When coal and oil are burned, they form acids that fall to the earth as rain. Acid rain can do a lot of damage, such as killing off living things in lakes. Scientists figured out, however, that lakes on limestone rock were less affected than others. Why? Limestone weakens acid. So as a short-term solution, scientists added lime to lakes where it doesn't occur naturally.
No single science was enough to come up with this solution -- it took experts in biology, chemistry, geology, and other sciences. If you major in environmental science, you'll learn to use the ideas and methods of a number of biological and physical sciences to tackle some of the world’s most pressing problems.
Students of environmental science learn how the physical and biological processes that shape the natural world interact. They also look at how we affect nature and come up with solutions to environmental problems.
“Environmental science requires a creative and imaginative approach, one that zips together a working knowledge of physics, chemistry, and biology.”David E. Smith, Professor, Department of Environmental Sciences, University of Virginia
Are You Ready To...?
- Choose a specialty, such as natural resources management or land-use planning
- Get hands-on experience in an internship
- Complete group projects
- Conduct research in the lab and outdoors
It Helps To Be...
Passionate about the outdoors as well as interested in math, science, and computers. You should be a problem solver who likes looking thoroughly at every aspect of an issue to come up with original solutions. You must be able to make connections between many fields.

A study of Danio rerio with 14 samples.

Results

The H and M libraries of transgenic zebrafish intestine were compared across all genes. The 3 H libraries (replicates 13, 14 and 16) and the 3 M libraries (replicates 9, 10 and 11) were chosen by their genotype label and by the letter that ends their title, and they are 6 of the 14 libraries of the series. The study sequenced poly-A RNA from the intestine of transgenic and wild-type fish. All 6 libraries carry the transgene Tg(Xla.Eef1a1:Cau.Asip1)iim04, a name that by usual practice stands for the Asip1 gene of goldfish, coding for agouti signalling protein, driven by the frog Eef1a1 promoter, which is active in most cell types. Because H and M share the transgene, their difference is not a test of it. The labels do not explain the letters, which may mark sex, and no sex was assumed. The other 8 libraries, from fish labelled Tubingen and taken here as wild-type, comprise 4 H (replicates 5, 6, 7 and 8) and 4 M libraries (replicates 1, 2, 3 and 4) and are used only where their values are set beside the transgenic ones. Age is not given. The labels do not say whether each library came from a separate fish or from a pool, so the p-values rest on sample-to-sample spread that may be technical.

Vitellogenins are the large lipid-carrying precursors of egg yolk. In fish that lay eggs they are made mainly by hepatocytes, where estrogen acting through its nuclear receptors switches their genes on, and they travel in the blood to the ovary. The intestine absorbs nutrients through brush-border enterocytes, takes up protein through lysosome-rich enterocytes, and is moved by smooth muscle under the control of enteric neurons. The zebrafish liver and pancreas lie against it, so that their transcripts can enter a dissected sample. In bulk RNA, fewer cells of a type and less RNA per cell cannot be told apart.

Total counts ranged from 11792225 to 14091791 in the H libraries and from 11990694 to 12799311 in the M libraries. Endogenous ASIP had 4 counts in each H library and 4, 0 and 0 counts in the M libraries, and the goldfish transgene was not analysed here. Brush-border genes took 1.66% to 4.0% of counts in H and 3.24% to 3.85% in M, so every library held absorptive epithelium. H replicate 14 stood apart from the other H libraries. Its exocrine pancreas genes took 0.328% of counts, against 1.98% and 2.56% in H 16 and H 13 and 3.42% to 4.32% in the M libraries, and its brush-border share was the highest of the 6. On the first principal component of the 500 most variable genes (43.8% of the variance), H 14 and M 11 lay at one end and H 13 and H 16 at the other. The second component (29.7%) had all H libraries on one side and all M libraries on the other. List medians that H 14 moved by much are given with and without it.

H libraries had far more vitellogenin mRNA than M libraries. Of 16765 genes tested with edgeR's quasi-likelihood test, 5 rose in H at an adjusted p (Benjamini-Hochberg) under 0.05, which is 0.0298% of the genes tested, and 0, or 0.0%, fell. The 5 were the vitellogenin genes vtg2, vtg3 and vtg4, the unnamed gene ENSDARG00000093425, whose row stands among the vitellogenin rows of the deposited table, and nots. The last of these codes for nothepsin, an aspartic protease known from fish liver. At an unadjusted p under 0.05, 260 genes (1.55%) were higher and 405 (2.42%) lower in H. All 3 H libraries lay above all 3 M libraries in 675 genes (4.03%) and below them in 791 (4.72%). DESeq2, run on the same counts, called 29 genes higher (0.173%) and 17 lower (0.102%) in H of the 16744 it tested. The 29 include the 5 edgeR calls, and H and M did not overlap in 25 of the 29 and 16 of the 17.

- What subjects are professors researching?
- Are classes available in the subjects you're most interested in?
- What opportunities will you have to do research?
- Is the equipment in the lab up-to-date?
- Will the department help you find an internship?
- What graduate programs and jobs have recent grads gone on to?
Did You Know?
For most entry-level research and teaching jobs in this field, you'll have to earn at least a master's degree.
Early in your college career, you'll probably take an introduction to environmental science. In this class, you'll learn how the life and physical sciences help us understand environmental issues. Topics covered include biodiversity (the variety of living things in a natural area), water resources, and energy resources.
You'll probably listen to lectures, do a lot of reading, and be tested on your knowledge through writing assignments and exams. You might also complete group projects, take field trips, and analyze data on a computer.